Around 12.5 million people were displaced in South Asia in 2022 due to natural disasters, while Bangladesh, India and Pakistan were the most affected by floods, according to a report by the Geneva-based Internal Displacement Monitoring Centre (IDMC).
The report says disasters trigger the vast majority of internal displacements in South Asia each year, and 2022 was no exception. Around 12.5 million such displacements were recorded, double the annual average of 6.3 million over the past decade.
The increase was mostly the result of the severe and widespread flooding that occurred in Pakistan during the monsoon season, it reveals.
Conflict and violence triggered 35,000 displacements, a 95 per cent decrease from 2021. This was primarily the result of a lull in conflict in Afghanistan, which had historically accounted for most of the region’s conflict displacement.
About 8.8 million people were living in internal displacement across South Asia as of the end of the year, while 5.5 million as a result of conflict and violence, and 3.3 million as a result of disasters, the report shows.
Floods triggered 90 per cent of the region’s disaster displacements in 2022. All countries recorded flood displacement, but Pakistan, India, and Bangladesh were the most affected.
Monsoon rains were normal or below average for most countries, with most movements occurring during the south-west monsoon between June and September. Pakistan, however, was a notable exception. Record-breaking rainfall and flash flooding from July to September left 10 per cent of the country underwater and led to its highest levels of displacement in a decade.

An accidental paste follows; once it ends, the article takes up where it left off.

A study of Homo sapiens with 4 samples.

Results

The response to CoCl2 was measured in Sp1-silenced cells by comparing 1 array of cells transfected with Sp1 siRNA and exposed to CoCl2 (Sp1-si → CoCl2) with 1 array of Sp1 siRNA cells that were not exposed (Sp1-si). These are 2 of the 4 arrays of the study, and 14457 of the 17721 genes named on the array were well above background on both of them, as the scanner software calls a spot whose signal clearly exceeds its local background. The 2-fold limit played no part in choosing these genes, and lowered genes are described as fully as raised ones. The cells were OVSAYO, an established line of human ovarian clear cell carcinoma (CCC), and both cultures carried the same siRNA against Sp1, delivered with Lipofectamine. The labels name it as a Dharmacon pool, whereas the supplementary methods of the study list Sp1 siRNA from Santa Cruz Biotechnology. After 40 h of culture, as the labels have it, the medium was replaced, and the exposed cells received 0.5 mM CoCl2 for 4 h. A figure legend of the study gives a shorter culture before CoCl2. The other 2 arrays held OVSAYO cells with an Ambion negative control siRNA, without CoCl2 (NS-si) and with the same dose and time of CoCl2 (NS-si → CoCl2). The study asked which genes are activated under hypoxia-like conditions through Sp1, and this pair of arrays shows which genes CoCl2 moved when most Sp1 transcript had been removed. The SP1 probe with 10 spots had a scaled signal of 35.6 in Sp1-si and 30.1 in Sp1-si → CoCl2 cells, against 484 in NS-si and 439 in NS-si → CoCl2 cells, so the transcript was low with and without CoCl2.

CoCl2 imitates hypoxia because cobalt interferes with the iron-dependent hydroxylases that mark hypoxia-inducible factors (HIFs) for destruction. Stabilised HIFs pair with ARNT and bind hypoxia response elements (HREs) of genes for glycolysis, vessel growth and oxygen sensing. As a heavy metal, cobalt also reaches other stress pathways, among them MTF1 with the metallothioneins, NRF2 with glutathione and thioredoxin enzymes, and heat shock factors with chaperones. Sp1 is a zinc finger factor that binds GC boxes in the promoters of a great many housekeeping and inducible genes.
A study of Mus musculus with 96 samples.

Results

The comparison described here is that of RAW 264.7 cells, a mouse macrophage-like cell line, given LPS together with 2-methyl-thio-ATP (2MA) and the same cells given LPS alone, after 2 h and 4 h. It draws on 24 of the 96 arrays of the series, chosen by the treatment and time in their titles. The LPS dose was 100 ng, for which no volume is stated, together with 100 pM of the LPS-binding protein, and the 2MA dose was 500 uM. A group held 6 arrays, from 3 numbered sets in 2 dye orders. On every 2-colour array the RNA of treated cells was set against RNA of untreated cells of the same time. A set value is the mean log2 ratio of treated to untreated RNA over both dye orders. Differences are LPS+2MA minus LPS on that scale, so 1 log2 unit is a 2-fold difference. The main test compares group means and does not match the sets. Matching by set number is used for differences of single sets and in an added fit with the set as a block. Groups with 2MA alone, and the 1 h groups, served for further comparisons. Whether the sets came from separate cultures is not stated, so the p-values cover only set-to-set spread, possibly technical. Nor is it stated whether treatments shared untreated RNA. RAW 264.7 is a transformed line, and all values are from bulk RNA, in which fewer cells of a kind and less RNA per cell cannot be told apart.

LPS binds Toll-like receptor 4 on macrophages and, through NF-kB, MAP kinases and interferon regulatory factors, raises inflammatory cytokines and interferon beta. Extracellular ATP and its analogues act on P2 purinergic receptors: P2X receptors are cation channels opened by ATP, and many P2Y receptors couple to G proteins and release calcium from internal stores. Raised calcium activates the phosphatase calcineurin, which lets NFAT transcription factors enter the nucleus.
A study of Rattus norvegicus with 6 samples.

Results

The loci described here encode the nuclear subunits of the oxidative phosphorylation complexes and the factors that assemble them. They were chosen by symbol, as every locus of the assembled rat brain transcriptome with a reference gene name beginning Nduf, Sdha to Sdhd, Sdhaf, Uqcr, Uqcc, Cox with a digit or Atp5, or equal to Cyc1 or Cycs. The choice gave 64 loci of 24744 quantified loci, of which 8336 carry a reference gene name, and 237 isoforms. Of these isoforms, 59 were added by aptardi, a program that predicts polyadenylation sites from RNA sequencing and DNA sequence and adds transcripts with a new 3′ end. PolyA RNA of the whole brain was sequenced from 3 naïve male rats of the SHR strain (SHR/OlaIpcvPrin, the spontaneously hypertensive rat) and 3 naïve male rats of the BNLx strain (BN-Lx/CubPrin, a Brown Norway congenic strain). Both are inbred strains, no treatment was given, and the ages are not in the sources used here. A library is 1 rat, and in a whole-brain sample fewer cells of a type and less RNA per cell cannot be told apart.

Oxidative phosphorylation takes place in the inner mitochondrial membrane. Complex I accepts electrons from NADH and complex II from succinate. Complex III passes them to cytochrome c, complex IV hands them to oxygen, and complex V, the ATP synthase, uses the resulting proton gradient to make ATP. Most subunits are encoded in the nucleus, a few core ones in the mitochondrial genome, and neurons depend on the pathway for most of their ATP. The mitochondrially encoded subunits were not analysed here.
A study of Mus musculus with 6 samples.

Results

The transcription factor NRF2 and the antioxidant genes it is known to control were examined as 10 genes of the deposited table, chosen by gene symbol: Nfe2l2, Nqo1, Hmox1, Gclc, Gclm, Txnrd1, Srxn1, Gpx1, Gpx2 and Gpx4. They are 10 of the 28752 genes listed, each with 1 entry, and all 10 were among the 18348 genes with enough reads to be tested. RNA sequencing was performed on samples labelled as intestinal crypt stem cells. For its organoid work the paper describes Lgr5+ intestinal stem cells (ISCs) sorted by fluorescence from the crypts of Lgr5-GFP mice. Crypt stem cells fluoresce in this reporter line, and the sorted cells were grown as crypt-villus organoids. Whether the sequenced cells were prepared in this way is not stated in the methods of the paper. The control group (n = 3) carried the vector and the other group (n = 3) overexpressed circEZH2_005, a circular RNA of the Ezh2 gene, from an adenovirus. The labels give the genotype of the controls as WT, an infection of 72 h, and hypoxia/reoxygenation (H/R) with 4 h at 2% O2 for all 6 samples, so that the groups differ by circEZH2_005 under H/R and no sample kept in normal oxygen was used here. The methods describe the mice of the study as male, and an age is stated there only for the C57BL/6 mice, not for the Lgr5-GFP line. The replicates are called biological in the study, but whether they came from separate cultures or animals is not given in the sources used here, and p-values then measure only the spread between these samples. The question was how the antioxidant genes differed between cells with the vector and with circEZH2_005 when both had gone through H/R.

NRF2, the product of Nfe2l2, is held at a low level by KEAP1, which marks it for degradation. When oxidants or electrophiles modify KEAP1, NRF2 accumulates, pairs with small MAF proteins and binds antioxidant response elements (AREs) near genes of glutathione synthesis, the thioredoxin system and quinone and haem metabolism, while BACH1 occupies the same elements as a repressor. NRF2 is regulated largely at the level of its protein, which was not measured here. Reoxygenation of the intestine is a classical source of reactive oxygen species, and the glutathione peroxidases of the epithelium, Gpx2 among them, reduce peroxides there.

The floods were the disaster event triggering most displacements globally in 2022, with 8.2 million movements, almost two-thirds of the region’s total disaster displacements. Such an exceptional event had severe immediate and long-term impacts.
It led to increased rates of disease among displaced people, and damage to infrastructure, agriculture and livelihoods was predicted to heighten food insecurity and poverty for millions of people, prolonging the displacement for many.
India and Bangladesh started to experience flooding even before the official start of the monsoon season, which normally runs between mid-July and September. India’s north-eastern state of Assam was affected by early floods in May, and the same areas were once again flooded in June. Nearly five million people were affected across the state.
An estimated 742,000 flood displacements were recorded during the pre-monsoon season between mid-May and mid-July. Torrential rains that affected India in May also caused rivers to overflow in neighbouring Bangladesh, triggering nearly 5,500 displacements in Habiganj, Sunamganj and Sylhet districts.
Rainfall and flooding were normal or below average for the rest of the monsoon season in both countries. Some parts of India reported their lowest July rainfall in 122 years.
By the end of the monsoon, 2.1 million displacements had been recorded across India, a significant decrease from the five million that occurred during the 2021 season.
Monsoon floods in Bangladesh triggered at least 482,000 displacements. Damage to roads and a shortage of boats hampered the delivery of aid to evacuation centres and temporary shelters, according to the report.